Michelle Obama is one trendy first lady, and she put her sartorial savviness on display at a screening of the film Hidden Figures that she hosted at the White House on Thursday. For the occasion, the FLOTUS wore a black pantsuit, which is very on trend thanks in part to it being Hillary Clinton’s go-to look on the campaign trail this year. Obama, who often favors dresses and skirts, topped off the Brandon Maxwell ensemble with a pair of silver pumps.
The movie was followed by a panel with some of the film’s stars, including Octavia Spencer, Janelle Monáe, Taraji P. Henson, and Kevin Costner. The cast came dressed to impress, as one does when they’re due to be in the presence of the extremely stylish first lady.
Monáe turned up in her customary black-and-white color palette, rocking a striped shirt and textured black bottoms with a matching striped trim. She wore her hair in two buns, with small metallic clips adding the singer’s trademark quirkiness to the look. Cat-eye glasses, dangly earrings, and a red pout were the perfect finishing touches for her outfit.
As for Henson, she wore a navy blue, short-sleeved dress with a cut-out neckline, wrapped up neatly with a sparkly bow. Spencer went with a navy blue blazer and a black dress with mesh detailing.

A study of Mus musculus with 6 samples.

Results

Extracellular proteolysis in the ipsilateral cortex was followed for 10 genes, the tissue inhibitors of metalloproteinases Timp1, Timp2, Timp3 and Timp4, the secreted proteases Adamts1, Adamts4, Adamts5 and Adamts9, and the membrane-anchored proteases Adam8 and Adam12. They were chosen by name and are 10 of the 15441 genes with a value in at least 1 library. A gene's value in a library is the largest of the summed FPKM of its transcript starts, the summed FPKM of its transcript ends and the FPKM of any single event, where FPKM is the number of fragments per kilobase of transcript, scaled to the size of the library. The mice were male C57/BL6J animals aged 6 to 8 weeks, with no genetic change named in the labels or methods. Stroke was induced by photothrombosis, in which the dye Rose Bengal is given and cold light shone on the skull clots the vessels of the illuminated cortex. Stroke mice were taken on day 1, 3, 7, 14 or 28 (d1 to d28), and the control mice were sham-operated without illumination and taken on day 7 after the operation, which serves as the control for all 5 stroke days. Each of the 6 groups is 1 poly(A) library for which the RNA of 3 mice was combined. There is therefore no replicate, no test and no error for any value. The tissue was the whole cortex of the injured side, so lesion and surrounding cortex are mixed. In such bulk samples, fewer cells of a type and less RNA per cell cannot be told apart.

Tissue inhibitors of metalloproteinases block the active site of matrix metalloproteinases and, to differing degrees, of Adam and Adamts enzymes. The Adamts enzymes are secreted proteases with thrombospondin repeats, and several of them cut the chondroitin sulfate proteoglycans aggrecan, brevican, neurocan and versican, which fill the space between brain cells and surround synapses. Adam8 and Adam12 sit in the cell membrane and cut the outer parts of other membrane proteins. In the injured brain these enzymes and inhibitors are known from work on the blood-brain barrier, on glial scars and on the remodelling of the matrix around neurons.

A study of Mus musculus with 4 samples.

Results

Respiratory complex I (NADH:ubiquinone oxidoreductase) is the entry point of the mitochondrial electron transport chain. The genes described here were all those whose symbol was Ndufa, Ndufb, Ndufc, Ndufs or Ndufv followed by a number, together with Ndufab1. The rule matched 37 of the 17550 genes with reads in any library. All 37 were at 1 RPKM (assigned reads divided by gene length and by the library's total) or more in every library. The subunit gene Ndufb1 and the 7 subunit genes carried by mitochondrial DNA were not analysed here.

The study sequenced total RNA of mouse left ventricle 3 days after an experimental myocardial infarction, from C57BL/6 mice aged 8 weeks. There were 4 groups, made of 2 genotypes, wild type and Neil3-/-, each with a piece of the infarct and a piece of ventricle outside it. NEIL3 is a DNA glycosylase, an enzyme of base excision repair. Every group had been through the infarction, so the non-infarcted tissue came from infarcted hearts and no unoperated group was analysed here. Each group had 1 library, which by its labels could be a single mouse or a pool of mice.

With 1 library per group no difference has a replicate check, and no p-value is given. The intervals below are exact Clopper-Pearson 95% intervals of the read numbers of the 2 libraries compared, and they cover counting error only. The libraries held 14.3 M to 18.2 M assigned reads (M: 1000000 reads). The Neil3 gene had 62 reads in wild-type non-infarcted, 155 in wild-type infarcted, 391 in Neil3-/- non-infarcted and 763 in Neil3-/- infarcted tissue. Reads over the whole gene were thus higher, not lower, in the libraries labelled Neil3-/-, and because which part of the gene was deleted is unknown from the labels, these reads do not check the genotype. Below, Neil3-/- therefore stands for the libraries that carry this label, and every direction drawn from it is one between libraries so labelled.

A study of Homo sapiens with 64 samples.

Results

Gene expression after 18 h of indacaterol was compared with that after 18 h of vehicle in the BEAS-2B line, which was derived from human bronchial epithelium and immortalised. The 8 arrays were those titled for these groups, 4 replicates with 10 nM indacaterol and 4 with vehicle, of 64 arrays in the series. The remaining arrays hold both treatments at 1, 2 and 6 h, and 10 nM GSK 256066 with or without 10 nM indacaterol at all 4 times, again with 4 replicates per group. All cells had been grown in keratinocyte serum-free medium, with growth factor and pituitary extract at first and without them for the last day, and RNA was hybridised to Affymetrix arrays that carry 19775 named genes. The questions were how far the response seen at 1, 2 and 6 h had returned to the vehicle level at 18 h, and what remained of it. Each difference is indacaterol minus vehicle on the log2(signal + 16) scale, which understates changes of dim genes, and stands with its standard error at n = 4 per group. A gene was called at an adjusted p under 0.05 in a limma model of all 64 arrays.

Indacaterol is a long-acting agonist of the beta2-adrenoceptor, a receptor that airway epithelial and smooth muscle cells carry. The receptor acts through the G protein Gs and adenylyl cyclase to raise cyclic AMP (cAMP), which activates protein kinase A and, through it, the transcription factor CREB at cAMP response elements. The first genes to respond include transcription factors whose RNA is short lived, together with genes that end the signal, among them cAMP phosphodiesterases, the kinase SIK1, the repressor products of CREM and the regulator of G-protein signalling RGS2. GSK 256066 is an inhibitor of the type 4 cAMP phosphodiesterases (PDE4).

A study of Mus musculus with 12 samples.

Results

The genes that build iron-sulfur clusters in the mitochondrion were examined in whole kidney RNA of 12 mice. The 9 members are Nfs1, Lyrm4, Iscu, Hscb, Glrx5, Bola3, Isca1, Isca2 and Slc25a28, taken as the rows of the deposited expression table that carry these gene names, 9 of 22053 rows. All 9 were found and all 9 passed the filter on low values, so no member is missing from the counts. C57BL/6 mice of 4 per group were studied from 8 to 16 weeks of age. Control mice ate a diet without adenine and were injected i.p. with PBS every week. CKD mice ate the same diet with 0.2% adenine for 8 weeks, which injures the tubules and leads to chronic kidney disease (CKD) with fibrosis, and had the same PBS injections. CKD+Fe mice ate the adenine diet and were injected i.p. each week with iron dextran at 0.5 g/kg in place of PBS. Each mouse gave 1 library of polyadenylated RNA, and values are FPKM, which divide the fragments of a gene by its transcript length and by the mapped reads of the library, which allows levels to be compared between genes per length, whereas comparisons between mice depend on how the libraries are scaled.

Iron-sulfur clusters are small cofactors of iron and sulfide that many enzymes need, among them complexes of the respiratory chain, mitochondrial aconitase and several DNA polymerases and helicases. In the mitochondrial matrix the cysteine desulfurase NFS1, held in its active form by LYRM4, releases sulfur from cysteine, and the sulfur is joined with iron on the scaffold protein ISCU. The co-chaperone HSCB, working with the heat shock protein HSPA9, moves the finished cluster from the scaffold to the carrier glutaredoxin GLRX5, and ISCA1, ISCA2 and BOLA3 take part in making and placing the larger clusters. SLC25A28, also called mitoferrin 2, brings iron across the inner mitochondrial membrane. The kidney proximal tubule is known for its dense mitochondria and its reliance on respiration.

At the screening, Obama highlighted the lessons learned from the film and encouraged people to ignore naysayers and continue to strive, regardless of what may be in their way. “These women couldn’t even drink from the same water fountain or use the same bathroom as many of their colleagues … and folks didn’t always take these women seriously because they were black, and also because they were women,” she said. “They listened to their families and their friends who said, ‘You are worthy,’ and they told them, ‘Don’t ever let anyone tell you that you are less-than.’ … And each of these women decided to believe in herself and step up when her country needed her. And more than anything else, that is the great American story that is told in this film. That’s why this film is so important.”